Boy, do I love brussels sprouts. I’m only a little embarrassed to admit just how excited I get when they start popping up at the farmer’s market: “Oh. My. God...IT’S BRUSSELS SPROUT SEASON!” I proclaim to myself internally while simultaneously doing the Elaine dance, also internally, because the winter market is in a small space, and, in all of my excitement, I wouldn’t want a stray thumb landing in someone’s eye and subsequently getting banned from said market like the Seinfeld gang at the soup restaurant. That would not be cool. So, I try to keep it under wraps.
When it comes to cooking brussels sprouts, I tend to prefer them prepared very simply, and for me that means halving and roasting them with a little olive oil, salt, and pepper. Occasionally, I take a walk on the wild side with the addition of a dried spice blend like za’atar or lemon pepper.
Which is why, when asked if I would bring brussels sprout pancakes as part of my vegetable side dish contribution to Thanksgiving last year, I was intrigued. Ryan’s grandma explained that she had seen them online somewhere and wanted to try them, but couldn’t relocate the exact recipe. She was able to provide ingredients and quantities along with some clues for their preparation, though they were rather nebulous and I was having some doubts. Nevertheless the pressure was on to nail them because her vegetable pancakes, typically carrot or zucchini, often grace the table at holiday meals and they are always a delight.
So there I was on the night before Thanksgiving with the dubious results of what I had to admit was a disappointment of a dish. I could not bring myself to throw away what I’d made in an act that would be the antithesis of the holiday, nor was I about to go back to the grocery store. This simply would not stand. Now, I should point out it’s not that they were bad, but they weren't good either. They really just needed a bit of help to realize and achieve their potential. For one thing, the instructions stated to thinly shred the sprouts. That was all well and good until I took a bite of one to test it and was left with strands of brussels sprout pancake innards dangling down my chin. Not quite the look I want to cultivate at a table surrounded by my significant other’s family. I mean, I’m comfortable around them, but not that comfortable.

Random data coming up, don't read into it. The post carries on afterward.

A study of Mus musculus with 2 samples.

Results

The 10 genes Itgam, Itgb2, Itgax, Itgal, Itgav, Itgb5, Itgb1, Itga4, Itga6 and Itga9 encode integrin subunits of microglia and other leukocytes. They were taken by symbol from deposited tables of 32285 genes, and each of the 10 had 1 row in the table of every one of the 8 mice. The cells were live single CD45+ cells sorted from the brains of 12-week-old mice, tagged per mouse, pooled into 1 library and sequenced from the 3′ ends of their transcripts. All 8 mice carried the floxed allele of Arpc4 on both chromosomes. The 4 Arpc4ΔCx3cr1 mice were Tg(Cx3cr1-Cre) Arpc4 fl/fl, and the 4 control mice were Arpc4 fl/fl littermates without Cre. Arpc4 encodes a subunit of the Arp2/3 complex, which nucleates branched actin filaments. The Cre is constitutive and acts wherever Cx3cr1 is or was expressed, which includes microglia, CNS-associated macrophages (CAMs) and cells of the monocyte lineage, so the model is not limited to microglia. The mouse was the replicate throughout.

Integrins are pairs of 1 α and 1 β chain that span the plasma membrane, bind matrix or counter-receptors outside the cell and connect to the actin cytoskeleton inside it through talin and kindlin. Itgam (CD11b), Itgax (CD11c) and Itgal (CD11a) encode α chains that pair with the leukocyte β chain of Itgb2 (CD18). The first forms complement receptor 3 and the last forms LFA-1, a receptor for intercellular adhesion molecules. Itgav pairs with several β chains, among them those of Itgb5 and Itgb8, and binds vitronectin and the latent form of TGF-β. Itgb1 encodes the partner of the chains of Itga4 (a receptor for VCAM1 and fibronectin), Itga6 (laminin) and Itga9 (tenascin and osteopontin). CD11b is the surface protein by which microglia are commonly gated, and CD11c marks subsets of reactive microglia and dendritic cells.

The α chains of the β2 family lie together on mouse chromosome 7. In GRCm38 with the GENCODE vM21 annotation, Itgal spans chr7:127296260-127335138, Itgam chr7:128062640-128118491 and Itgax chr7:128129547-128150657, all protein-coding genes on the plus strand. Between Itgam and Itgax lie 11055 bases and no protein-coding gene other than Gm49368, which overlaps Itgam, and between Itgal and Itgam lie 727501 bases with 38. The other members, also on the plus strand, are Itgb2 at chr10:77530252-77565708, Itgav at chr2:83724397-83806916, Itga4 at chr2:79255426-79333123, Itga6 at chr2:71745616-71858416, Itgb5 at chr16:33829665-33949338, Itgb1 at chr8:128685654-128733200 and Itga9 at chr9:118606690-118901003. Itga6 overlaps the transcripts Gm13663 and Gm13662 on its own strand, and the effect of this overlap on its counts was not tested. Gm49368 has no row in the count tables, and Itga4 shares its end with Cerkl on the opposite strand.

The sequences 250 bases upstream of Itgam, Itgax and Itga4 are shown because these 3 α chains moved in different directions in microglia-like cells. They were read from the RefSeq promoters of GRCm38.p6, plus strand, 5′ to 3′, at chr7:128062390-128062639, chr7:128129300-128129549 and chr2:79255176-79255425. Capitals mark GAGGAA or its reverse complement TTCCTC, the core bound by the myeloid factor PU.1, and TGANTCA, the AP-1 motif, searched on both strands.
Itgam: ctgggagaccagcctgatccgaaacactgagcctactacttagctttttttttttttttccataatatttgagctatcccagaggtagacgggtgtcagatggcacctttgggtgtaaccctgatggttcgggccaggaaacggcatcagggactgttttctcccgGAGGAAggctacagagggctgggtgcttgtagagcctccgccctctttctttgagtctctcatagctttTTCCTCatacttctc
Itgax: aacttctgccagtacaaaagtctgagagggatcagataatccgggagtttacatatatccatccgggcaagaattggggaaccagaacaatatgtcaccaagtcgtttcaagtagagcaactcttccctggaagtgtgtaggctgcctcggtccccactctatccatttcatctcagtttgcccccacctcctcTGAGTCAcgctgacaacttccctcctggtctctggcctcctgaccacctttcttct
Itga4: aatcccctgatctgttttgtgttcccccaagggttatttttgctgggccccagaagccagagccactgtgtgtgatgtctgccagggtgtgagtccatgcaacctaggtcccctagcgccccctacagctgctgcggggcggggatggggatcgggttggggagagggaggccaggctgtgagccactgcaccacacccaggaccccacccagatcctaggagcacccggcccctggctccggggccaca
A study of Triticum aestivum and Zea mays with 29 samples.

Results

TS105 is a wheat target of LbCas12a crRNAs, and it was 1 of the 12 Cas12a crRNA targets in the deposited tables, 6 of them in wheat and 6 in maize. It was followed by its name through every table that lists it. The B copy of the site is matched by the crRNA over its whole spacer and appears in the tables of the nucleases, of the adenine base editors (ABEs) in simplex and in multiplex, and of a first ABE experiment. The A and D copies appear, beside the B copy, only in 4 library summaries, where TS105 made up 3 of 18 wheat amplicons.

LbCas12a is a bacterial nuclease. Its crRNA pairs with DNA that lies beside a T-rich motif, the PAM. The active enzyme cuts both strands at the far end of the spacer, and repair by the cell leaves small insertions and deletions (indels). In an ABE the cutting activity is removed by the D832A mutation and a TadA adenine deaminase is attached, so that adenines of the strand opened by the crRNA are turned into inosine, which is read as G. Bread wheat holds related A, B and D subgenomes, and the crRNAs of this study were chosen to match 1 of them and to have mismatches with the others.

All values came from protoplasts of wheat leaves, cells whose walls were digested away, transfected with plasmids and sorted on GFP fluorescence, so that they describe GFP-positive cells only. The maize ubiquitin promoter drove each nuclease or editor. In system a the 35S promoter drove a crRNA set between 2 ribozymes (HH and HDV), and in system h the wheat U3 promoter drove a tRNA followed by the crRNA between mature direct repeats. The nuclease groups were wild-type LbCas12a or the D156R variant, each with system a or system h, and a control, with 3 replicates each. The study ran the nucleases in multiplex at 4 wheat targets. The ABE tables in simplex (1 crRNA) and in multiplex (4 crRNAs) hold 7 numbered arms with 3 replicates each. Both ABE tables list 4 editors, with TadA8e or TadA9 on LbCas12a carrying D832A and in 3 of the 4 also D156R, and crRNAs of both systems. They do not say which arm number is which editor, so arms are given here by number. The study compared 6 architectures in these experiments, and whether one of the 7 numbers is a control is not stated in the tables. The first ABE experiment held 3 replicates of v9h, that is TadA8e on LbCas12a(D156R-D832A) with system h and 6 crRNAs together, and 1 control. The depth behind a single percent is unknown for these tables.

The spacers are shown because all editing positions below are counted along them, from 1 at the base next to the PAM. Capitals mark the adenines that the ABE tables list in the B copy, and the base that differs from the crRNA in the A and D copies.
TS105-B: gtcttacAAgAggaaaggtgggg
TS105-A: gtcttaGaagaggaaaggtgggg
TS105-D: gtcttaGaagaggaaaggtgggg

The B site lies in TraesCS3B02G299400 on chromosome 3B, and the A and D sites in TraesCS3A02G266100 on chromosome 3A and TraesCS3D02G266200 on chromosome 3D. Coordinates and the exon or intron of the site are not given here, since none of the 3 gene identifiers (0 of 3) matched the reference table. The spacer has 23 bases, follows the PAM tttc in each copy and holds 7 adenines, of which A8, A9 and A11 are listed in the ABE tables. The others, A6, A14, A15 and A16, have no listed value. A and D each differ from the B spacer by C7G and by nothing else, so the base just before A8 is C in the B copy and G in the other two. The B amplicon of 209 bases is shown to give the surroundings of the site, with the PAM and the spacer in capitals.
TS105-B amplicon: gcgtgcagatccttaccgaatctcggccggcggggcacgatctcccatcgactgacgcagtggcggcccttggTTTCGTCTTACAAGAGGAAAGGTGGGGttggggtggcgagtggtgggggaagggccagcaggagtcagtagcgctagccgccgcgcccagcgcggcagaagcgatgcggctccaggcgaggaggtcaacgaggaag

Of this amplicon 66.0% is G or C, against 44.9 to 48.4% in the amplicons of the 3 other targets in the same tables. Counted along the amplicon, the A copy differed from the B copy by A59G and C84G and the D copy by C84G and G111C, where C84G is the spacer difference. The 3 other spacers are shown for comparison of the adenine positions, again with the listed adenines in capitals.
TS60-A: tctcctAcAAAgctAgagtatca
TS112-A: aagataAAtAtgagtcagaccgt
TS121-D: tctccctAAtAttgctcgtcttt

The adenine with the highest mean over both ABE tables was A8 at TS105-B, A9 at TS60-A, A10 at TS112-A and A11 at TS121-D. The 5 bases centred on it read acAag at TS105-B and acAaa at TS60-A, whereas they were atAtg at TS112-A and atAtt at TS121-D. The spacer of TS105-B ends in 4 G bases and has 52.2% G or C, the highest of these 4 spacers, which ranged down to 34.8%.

I momentarily slipped into a fugue state thinking about how and why I’d waited til the last minute to attempt making them for the first time because of course this is what happens when you procrastinate. I finally snapped back to reality with a eureka moment having somehow accumulated several ideas for how to adjust and redeem. What I ended up with are these bright green stunners, which I’m happy to say made another appearance at Thanksgiving again this year, and at many other points in between. I serve them with a simple dill sauce, and lately I’ve been thinking they’d be great as an hors d'oeuvre for holiday parties by dressing them up with the addition of smoked salmon, trout roe, or beluga lentils.
In cooking, as in life, there are sometimes moments that seem irrevocably disastrous—and some are—but there are also many that can be fixed with some practical knowledge along with a bit of determination to follow things through, trust in your intuition, and have patience with yourself. That sounds like the kind of saying I’d find on the tag of one of my Yogi tea bags, which, by the way I actually like and find to be inspirational and heartfelt. What can I say? I’m a sentimental person.
Brussels Sprout Pancakes
Yield: 35-40 pancakes, 3" in diameter
*Note: Moderating the heat of your pan can be tricky as stoves and pans vary. If the heat is too low the pancakes won’t brown properly and will absorb the oil. If the heat is too high the oil will smoke, splatter when you add the batter, and the pancakes will burn. The good news is by the time you’re done with this recipe you should have a feel for how to moderate your heat when you’re cooking. It’s just one of those things you learn by doing.
Hello! I'm Kat.
Cooker, baker, amateur pottery maker.
I'm a CIA graduate (culinary arts & applied food studies) who previously studied anthropology.
Food obsessed. Anxiety disorder. Grief bearer.
Here you'll find recipes for what I'm currently feeling and sometimes even why!